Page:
Carports could double high schools’ solar power use
FAIRFIELD — Town public high schools could double their reliance on solar power with proposed parking lot structures bearing solar panels and electric car chargers.
The carports would go up this summer in Fairfield Ludlowe and Warde high school student parking lots, pending school board and town selectmen’s approval this spring. The current designs — raised solar panel arrays supported by beams that would shelter patches of the lots — would double both schools’ solar use at no cost to the district or town, Clean Energy Task Force Chairman Scott Thompson said at an April 6 Board of Education meeting.
“I so whole-heartedly endorse this,” board member Jennifer Maxon-Kennelly said. Because a power purchasing agreement would be created, in which a solar company would fund the installation and a 20-year static rate for purchasing the generated solar power would be set, she added, “We’re talking millions. It’s just amazing.”
The task force calculated minimum electricity savings from the carports to be more than $1.2 million over time, expanding the town’s annual clean energy savings. The carports would be constructed and maintained by a solar power company, Port Chester-based Skyview Ventures, on the leased space. Solar panels installed on six public schools’ roofs last summer have already played a part in lower projected utilities costs in the school board’s 2017-18 budget.
Rooftop solar installations currently generate about one-third of the power both Warde and Ludlowe use, and the carports would generate another one-third. Along with environmental benefits from majority reliance on solar power, Thompson said the carports could dilute light pollution, generate fiscal savings and offer educational opportunities.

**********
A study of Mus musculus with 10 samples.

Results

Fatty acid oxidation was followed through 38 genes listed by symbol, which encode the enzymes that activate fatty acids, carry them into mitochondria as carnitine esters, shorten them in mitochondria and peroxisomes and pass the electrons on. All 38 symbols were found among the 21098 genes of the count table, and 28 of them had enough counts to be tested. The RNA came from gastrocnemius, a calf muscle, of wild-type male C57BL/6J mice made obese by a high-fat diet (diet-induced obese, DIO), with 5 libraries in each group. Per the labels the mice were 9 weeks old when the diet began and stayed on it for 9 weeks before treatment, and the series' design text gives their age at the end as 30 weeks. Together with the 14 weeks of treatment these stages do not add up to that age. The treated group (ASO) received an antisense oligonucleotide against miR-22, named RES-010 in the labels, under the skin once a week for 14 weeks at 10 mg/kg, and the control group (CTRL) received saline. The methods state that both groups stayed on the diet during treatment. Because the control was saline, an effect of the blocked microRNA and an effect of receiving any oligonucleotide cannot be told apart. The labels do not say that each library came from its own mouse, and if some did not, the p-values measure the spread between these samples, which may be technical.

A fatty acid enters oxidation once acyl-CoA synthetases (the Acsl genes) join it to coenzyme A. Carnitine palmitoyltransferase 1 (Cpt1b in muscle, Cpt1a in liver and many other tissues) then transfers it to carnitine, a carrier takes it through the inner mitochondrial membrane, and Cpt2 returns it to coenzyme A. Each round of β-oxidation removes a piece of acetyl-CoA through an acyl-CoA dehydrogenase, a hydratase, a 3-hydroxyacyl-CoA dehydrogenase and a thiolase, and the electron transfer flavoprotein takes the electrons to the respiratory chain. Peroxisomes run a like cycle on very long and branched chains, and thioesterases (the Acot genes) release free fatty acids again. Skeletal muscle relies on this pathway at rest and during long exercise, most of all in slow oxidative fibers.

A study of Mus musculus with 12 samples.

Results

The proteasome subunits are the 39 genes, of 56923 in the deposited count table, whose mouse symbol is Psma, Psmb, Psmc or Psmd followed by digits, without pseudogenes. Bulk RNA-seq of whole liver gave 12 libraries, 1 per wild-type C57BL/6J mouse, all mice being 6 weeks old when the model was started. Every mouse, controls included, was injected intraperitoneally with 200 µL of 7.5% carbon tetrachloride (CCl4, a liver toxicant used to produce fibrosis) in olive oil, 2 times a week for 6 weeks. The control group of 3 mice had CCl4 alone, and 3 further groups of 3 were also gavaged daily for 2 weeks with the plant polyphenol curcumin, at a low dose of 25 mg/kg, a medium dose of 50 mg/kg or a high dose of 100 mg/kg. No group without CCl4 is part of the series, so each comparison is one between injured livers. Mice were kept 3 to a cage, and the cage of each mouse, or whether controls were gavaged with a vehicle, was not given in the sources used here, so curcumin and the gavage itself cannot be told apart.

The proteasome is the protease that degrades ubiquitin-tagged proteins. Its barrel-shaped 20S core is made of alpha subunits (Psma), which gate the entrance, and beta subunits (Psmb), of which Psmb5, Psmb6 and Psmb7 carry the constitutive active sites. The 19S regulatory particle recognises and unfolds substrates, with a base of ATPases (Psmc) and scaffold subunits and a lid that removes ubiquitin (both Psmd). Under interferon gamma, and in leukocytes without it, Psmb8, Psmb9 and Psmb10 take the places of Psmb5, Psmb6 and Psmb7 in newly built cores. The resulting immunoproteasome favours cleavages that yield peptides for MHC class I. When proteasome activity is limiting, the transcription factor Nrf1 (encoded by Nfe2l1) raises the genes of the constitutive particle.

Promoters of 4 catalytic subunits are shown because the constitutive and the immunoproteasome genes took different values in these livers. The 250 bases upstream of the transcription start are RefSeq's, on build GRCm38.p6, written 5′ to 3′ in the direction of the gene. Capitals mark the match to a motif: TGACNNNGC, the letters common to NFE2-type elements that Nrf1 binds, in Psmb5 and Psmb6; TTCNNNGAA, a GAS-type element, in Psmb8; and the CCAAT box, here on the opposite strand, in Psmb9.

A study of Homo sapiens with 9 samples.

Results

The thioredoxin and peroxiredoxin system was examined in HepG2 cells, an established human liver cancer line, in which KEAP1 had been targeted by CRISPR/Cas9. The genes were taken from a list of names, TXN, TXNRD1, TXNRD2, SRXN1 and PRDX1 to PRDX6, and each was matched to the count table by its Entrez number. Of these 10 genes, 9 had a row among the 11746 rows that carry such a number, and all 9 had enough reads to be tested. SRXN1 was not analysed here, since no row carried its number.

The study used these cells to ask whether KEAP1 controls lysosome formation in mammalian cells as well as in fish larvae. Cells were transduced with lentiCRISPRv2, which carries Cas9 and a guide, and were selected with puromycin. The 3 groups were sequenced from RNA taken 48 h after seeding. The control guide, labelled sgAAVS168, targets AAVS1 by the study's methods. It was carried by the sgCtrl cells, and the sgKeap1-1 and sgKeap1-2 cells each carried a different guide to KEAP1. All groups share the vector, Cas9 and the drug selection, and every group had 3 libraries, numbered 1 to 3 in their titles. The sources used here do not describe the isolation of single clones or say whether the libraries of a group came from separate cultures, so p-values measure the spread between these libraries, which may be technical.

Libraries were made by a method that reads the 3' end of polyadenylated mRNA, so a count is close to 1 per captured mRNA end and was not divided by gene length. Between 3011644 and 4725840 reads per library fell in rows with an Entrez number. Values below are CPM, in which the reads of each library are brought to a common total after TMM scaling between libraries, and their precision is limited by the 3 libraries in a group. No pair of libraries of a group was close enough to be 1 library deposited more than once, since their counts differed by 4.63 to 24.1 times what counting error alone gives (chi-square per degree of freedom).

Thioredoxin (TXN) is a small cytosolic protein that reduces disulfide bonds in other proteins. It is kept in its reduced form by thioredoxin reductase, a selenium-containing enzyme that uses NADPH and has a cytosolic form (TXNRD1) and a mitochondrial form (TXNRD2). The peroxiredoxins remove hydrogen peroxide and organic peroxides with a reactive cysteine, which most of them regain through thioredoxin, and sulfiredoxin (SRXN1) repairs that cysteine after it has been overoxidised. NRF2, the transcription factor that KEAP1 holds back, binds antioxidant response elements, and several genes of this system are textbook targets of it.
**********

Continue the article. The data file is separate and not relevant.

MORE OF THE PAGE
A Ludlowe physics teacher said in December he planned to use the high school’s rooftop solar installation as a real-world teaching tool for students, alongside a display that had been installed in the school’s cafeteria. Ludlowe was among six schools that got monitors to display information about their rooftop solar installations late last year.
“This is something they’ll see every day that will be a part of their life. The educational opportunities will be tremendous,” Thompson said. With carports at both town high schools, every public school student would at some point experience the solar arrays, he said, and both experience hands-on learning about the environment and solar technology as well as see “they’re in a smart town that cares about the environment.”
Lot paving and snow plowing could be done without additional cost around and beneath the raised structures. No parking spots would be lost and construction would be planned from late June through the end of August this year to avoid disrupting student parking during the school year. The Ludlowe carports would not be in neighbors’ views and vegetation might be added at the north end of Warde’s lot to shield some visibility for neighbors near the high school, according to the Clean Energy Task Force’s proposal.
The carports would also contain charging stations for electric cars. Following conditions the Board of Education added when approving two EV charging stations at each high school in October, the carport chargers would be on timers and only on during school hours for student use.
To install the carports over the summer, Thompson said Board of Education and Board of Selectmen approval would be needed by mid-May. The school board’s next regular meeting is May 9.